Friday, June 24, 2016

The Cardinal's Ceiling

From "Tesoro del Mondo" (Treasure of the World)
Antonio Neri 1590-1600
In the years 1598-1600, newly ordained Florentine priest and alchemist Antonio Neri was hard at work on a manuscript which he titled Tesoro del Mondo (Treasure of the World). [1]  One illustration near the front shows an allegorical map in which six roads all lead to the Vatican at its center. A Latin inscription translates as, "The different ways to Rome" followed by "Qui pot[est] capere capiator 'He that can take, let him take it.' Taken in context, this Biblical reference ( Matthew 19:12) apparently refers to the various alchemical 'paths' leading to the philosopher's stone, but the choice of imagery suggests that Neri spent time in the city of seven hills. [2] It is a tantalizing clue to his travels, although there is no direct confirmation. 

If Rome did figure in the young Neri's itinerary, a visit to Cardinal Francisco Maria Del Monte would have been de rigueur. The Medici family ruled Neri's home region of Tuscany and Cardinal Del Monte was the Medici's informal ambassador in Rome. He was a dedicated patron of the arts, an amateur alchemist, a collector of glass and a trusted successor to Grand Duke Ferdinando in the College of Cardinals. More significantly, he was a close friend and advisor to Neri's sponsor Don Antonio de' Medici ever since that prince was a child.  Del Monte's biographer Zygmunt Waźbiński offers, "It is very likely that Cardinal Del Monte, with his interest in glass, had known then (in 1598) the [future] author [Neri] of L'Arte Vetraria." [3]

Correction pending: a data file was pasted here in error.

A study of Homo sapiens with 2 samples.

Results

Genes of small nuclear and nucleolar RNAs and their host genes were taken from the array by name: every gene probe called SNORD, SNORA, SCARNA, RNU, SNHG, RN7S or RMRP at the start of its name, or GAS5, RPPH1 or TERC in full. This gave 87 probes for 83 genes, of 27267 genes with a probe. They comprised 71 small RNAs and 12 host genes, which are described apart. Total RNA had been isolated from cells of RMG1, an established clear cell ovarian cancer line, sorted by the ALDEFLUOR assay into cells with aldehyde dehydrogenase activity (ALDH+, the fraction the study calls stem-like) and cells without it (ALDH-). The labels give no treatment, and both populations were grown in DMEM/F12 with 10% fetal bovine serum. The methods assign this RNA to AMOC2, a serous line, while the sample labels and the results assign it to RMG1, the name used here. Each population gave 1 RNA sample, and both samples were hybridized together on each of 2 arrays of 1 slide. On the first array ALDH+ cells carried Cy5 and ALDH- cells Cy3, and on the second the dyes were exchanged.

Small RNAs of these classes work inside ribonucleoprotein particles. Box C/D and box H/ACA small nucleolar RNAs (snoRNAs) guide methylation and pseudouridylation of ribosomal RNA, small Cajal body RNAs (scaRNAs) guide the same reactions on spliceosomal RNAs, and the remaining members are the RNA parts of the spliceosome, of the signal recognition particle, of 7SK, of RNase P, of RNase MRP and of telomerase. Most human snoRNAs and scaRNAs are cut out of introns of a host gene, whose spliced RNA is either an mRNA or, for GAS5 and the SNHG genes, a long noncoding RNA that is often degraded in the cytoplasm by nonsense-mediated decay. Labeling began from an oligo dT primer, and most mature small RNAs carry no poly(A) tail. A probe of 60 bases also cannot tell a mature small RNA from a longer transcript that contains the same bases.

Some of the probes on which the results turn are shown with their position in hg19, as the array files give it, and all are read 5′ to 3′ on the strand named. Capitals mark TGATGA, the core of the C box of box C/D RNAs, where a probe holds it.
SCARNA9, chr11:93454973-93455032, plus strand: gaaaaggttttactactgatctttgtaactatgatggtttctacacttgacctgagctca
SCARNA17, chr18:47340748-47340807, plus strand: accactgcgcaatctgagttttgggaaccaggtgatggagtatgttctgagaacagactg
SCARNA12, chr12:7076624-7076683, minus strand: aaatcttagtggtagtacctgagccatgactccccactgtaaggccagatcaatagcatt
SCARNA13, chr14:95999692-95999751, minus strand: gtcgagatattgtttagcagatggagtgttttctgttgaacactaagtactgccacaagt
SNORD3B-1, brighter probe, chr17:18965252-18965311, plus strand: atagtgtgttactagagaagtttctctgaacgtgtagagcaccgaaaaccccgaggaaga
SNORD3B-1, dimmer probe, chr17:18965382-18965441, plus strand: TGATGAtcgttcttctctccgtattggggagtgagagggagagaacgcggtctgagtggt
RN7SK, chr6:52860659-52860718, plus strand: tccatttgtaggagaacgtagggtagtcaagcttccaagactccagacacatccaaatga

Michelangelo Caravaggio, c. 1597
Casino Ludovisi.

As the sixteenth century ended and a new one dawned, Del Monte sheltered the rough-and-tumble painter Michelangelo Caravaggio, whom he set up with an in-house studio and an allowance. However, in 1606, the master of Realism fled Rome after reportedly murdering a tavern waiter over a tennis wager, but not before executing his only known fresco on the vaulted ceiling of Del Monte's own alchemy laboratory. Looking out over Rome, on the panoramic Pincio, in the Villa that later became the Casino Ludovisi and is now known as the Casino dell'Aurora, Caravaggio put his brush to work. According to early biographer of artists, Gian Pietro Bellori, he executed the oil painting on the vaulted ceiling of the small alchemical laboratory (now a corridor) sometime between 1597 and 1600. [4] Depicted in the mural are the three brothers Jupiter, Neptune and Pluto: the masters of the universe. The image is a double allegory of the three basic chemical substances of Paracelsus (salt sulfur and mercury) and the four Aristotelian elements (air, earth, water and fire). Jupiter with the eagle stands for sulfur and air, Neptune with the seahorse stands for mercury and water and Pluto with the three-headed dog Cerberus stands for salt and earth. Jupiter is reaching out to move the central celestial sphere in which the sun (fire) revolves around the earth. [5] 

The villa was a relatively secluded retreat where the Cardinal could entertain guests discretely, including his friend Galileo–Del Monte and his older brother Guidobaldo helped land Galileo the chair of mathematics at the university in Pisa. It would be interesting to hear the astronomer’s comments on Caravaggio's tribute to heliocentrism.


[1] Neri 1598-1600, f.xxviii-v.  (see bibliography).
[2] For more on the alchemical interpretation of this illustration see Grazzini 2012.
[3] Neri 1612.
[4] Bellori 1672, pp. 197-216.
[5] Wallach 1975, pp. 101-112.

* this post first appeared in a slightly different form on 4 July 2014.